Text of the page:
If an employer plans to hire an employee who is currently working for another US employer on a temporary working visa (such as an H-1B visa for highly skilled employees), the existing H-1B visa can be transferred by filing a visa transfer application. Here are some common questions about this process asked by employers and employees:

Q: Should the employer issue a conditional job offer before an H-1B visa transfer is approved?

A: Employers should consider this option.

After interviews, employers often make a verbal offer to the candidate and follow up with a formal offer letter. The candidate’s signature on the offer letter confirms that the candidate has accepted the position and its terms. However, an employer who wishes to hire a worker with an existing H-1B visa should be mindful of the language used in the offer letter. To avoid formalizing the employment relationship before the visa transfer application is approved, employers should consider including a statement that the offer is contingent on an approved H-1B visa transfer application from the U.S. Department of Homeland Security.

Q: Are H-1B visa transfer petitions subject to the regular quota cap?

A: No.

As summarized previously by HR Legalist, the government limits the number of H-1B visas allowed per federal fiscal year (FY). A fiscal year begins on October 1st and ends on September 30th of the following year. Employers subject to the statutory cap, including most for-profit and private companies, must proceed through a computer-generated lottery process each April.  While the H-1B transfer process is generally similar to the initial H-1B application process, there is no annual cap on the number of H-1B visa transfers, and H-1B visa transfers are not counted towards the regular H-1B visa quota cap.  In other words, an employer can petition for visa transfer of a prospective employee at any time during the year.  Since the cap lottery is typically difficult for employers to navigate, this makes transfer petitions an attractive alternative to trying to obtain a brand new H-1B for a worker.

Q: When can the qualifying worker begin work for the new employer?

A: Upon receipt of the petition.

Section 105 of the American Competitiveness in the Twenty-First Century Act (AC21) provides that qualifying workers for whom a petition was filed can begin working for their new employer as soon as the United States Citizenship and Immigration Services (“USCIS”) receives their H-1B visa transfer petition.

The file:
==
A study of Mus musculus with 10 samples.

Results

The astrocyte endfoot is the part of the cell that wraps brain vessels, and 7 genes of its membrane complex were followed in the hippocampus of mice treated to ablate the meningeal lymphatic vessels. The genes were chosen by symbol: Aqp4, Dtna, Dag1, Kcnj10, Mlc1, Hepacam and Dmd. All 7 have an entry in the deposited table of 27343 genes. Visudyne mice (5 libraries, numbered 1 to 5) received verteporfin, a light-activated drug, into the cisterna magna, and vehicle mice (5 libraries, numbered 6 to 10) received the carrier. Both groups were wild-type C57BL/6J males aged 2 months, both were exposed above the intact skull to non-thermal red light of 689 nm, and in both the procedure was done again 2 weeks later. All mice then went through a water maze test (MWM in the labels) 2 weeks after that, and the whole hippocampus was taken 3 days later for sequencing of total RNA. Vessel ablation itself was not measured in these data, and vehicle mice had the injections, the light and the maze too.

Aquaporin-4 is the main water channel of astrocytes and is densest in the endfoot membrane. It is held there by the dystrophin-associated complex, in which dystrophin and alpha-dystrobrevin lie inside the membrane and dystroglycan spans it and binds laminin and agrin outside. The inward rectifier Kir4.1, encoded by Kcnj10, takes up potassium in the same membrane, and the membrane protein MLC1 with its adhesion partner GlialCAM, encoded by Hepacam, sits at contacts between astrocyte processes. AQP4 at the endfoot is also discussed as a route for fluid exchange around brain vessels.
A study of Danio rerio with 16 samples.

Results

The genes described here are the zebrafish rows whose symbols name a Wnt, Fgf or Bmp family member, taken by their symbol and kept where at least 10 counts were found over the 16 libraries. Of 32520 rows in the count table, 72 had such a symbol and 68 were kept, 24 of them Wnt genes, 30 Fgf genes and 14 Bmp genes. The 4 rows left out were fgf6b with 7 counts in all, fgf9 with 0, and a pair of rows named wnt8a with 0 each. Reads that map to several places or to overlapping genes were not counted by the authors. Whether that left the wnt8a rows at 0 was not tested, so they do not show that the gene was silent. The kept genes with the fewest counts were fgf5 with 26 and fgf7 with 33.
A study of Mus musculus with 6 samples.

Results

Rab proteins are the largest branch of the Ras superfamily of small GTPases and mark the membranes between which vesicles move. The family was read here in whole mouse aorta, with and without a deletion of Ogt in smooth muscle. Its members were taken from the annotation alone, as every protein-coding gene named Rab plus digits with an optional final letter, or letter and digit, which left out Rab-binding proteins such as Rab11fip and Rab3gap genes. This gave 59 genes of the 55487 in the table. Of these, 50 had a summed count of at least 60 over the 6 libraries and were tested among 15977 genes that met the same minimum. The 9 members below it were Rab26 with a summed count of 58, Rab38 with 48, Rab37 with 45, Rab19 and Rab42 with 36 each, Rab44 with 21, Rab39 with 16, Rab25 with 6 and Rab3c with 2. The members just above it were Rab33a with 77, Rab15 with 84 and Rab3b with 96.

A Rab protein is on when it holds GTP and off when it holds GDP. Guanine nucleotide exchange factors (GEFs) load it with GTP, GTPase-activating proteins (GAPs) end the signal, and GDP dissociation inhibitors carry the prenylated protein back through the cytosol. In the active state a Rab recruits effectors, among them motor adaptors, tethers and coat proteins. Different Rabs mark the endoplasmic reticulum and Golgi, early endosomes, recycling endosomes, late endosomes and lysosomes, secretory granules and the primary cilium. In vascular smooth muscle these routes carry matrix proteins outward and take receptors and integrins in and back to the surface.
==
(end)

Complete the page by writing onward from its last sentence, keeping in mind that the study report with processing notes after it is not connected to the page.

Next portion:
Q:  Who pays the relevant application fees and attorneys’ fees?

A: The employer.

By law, employers must pay all fees associated with the H-1B visa transfer process.  These fees are considered business expenses. Candidates and employees should NOT be asked to cover any payments. In addition, the law prohibits employers from deducting attorneys’ fees associated with H-1B visa transfer applications from wages, because attorneys’ fees are also considered business expenses.[1]  Employers cannot require potential employees to pay for or reimburse the employer for attorneys’ fees associated with the preparation and filing of an H-1B transfer application. Optional fees–such as premium processing fees–can be paid by either party depending on the circumstances.

Employers who plan to hire foreign workers, through either a new visa application or a visa transfer, should contact an immigration attorney at the beginning of the recruiting phase to ensure compliance with all applicable laws and regulations. HR Legalist will continue to track updates regarding the process of obtaining working visas to help employers and employees understand the process.

[1] See 20 C.F.R. 655.731(c)(9).

The information contained in this publication should not be construed as legal advice, is not a substitute for legal counsel, and should not be relied on as such. For legal advice or answers to specific questions, please contact one of our attorneys.


Ivo Becica focuses his practice on advising employers on how to reduce litigation risk and resolve employee issues, and on defending employers in litigation if necessary. He can be reached at 215-667-6335 or ivo.becica@obermayer.com

 

 

 

 

Qiwei Chen is a mandarin-speaking attorney, practicing in the areas of employment law and employment-based immigration matters. She can be reached at 412-288-2476 or Qiwei.Chen@obermayer.com.